Technology in Insurance – Lexology

Science & Technology

Whilst panellists commented that the insurance industry had not had an 'Uberization' moment – when new market disruptors succeed in radically ripping up the pre-existing order with new tech-driven solutions – technology has and will continue to radically transform the insurance industry. This impact though has been more subtle than many had predicted. Although there has not necessarily been the predicted tech and data driven 'big bang' transformation of the insurance industry, there are many technology advancements and trends that are transforming insurance products and services as well as the operations of companies within the industry.
Individually these tech buzz-words – such as blockchain, AI, smart contracts, telematics, machine learning, robotic process automation and internet-of-things – flash brightly in the insurance industry's collective consciousness, taking up innumerable virtual pages of on-line commentary. Some of these may dim and even fade away, others will continue to shine, and more buzz-words will join them. It is the combination of all of these multiple technology advancements and trends that together will have the transformative long-term effect on the industry.
Where are we seeing tech-driven changes across the industry?
Customer facing
Technology has been a key driver for providing new insurance products and innovative services for insured customers. Both existing industry players and new insurtech start-ups have been investing in this space, developing new products, new ways of reaching customers and new digital services throughout a product's lifecycle, all enabled by new technologies.
Internal processes and innovation
Although the customer-facing side of tech-innovation within insurance is often the most heavily publicised, new uses of technology within the operations of insurers and intermediaries is no less important. They represent both great opportunities – in terms of reduced costs, better underwriting performance, and market-differentiation – but also significant risks – such as enhanced regulatory, data and reputational risks. However, it is clear that the industry is embracing technology and, although to a large extent many of the changes are incremental, they constitute a significant shift and companies who fail to keep up risk falling behind their competitors.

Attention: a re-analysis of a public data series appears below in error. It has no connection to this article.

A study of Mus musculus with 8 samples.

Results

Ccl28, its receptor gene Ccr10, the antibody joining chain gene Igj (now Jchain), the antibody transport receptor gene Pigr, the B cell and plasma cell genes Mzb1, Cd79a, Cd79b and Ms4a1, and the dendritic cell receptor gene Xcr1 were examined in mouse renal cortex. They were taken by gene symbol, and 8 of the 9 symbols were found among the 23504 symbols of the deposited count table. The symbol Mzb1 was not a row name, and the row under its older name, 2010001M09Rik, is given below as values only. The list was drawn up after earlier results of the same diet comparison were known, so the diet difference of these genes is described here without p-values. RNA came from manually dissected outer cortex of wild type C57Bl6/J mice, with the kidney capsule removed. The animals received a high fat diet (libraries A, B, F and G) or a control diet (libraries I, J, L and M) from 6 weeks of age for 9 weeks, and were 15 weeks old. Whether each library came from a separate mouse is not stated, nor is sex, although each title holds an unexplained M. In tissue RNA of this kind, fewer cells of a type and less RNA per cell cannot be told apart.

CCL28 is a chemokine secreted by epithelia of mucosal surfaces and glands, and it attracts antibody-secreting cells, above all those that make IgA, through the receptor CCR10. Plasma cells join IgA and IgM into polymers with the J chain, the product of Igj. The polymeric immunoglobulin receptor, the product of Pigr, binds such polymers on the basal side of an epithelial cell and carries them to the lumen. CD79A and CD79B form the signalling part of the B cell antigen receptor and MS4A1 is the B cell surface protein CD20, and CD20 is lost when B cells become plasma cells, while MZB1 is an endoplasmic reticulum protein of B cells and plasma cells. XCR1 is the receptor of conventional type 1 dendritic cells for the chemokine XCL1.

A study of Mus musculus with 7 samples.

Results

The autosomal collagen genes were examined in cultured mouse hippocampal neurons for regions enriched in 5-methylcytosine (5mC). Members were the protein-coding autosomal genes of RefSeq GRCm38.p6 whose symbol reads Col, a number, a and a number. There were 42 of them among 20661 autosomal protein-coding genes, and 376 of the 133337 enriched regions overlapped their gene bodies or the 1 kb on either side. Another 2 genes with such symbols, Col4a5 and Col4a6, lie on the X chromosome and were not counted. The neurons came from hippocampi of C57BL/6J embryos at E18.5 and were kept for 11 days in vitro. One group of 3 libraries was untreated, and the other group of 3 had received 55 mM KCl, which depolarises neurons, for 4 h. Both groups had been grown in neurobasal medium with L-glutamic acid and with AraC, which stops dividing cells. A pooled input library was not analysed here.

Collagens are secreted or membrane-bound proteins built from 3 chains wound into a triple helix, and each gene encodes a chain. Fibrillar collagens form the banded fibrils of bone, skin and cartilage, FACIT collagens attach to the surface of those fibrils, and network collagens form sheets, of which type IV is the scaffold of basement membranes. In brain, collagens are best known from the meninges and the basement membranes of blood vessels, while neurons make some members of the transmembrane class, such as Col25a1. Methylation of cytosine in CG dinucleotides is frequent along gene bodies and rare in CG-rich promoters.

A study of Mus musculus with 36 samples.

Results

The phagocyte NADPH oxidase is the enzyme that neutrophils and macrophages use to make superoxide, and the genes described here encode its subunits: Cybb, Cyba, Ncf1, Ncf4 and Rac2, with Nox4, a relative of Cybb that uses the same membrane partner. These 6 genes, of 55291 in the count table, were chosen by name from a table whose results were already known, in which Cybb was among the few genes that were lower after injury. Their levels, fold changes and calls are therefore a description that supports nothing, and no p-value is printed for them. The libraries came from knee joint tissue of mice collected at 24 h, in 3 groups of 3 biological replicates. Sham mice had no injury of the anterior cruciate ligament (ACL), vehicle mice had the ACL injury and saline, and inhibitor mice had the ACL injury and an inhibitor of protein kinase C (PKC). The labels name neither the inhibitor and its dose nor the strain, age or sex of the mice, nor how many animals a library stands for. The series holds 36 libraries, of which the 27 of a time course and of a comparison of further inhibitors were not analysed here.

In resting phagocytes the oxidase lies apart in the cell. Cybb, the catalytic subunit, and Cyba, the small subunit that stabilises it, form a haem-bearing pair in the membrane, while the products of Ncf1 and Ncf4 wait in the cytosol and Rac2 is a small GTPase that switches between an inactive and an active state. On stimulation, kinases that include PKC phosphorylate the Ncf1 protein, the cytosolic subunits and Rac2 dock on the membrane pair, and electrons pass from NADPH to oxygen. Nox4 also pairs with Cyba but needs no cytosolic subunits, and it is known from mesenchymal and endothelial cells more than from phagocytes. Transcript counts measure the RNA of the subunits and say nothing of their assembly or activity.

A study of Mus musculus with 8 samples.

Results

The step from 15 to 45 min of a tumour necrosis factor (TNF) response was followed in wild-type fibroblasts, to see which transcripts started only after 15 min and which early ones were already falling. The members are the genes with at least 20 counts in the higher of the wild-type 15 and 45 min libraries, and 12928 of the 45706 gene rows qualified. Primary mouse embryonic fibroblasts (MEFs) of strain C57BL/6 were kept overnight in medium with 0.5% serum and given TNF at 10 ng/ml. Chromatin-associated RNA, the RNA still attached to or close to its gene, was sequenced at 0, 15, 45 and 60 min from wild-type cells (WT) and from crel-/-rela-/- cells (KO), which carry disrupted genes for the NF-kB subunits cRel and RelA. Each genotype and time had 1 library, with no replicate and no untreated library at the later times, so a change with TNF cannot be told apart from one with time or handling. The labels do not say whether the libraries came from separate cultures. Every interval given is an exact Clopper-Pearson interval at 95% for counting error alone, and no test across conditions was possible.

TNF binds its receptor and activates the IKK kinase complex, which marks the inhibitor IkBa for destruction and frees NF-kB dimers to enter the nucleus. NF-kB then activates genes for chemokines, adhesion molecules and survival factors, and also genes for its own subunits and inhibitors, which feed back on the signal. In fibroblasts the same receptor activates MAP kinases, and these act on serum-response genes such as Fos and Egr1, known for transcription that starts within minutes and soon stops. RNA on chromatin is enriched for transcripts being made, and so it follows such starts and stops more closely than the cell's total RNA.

Data processing and analytics as well as robotic process automation are key areas where insurers are embracing new technology in their operations, but technology is also providing solutions and opportunities in other areas.
What it means for the insurance industry
It is perhaps the myriad of different tech applications within the insurance industry that has made it more resilient to disruption from any individual technology driven competitor. The recent stock market tumbles of Lemonade, for a time the darling of tech-driven insurance disruptors, along with Hippo and Root are proving that innovative technology does not automatically lead to (immediate) market success, with investors now seemingly keen to focus on underwriting results and less willing to sustain losses for market share in the way they have become accustomed to with other industry disruptors.
However, as we heard from many of the speakers at our 'Technology in Insurance' event, data and technology are the driving forces behind many of the new breed of insurance companies and are key areas for all existing market participants. Almost despite the hype, there is real value and opportunity in well-structured and applied technology and it is clear insurance companies that are open to new technology from a cultural perspective – and willing to invest in it from a financial perspective – are going to be best placed to take advantage. Given the speed that technology moves, those who are not embracing the change may find themselves quickly falling behind.
Technology will therefore drive and implement change within the insurance industry. But it will also create new risks.
Failure to comply with data protection requirements can lead to both reputational damage and significant fines – in the UK and overseas.
In addition to data protection regulations which apply across industries, insurance companies operate in the highly regulated financial services environment. Insurers and intermediaries need to make sure that their technology solutions are compatible with their regulatory requirements – such as around operational resilience, governance and fair treatment of customers.
The UK regulators are looking carefully at new technologies and what the implications may be for the companies they regulate and their customers. With this in mind, the FCA has already published specific guidance for firms outsourcing to the cloud and other third party IT services and more recently published a report (with the Bank of England) providing guidance to firms and setting out regulatory expectations of best practice when using AI and machine learning. There will be more reports, guidance and regulations as insurance regulators around with world try to keep up with changes in technology and tech-innovators need to be mindful of the highly regulated world within which the insurance industry operates.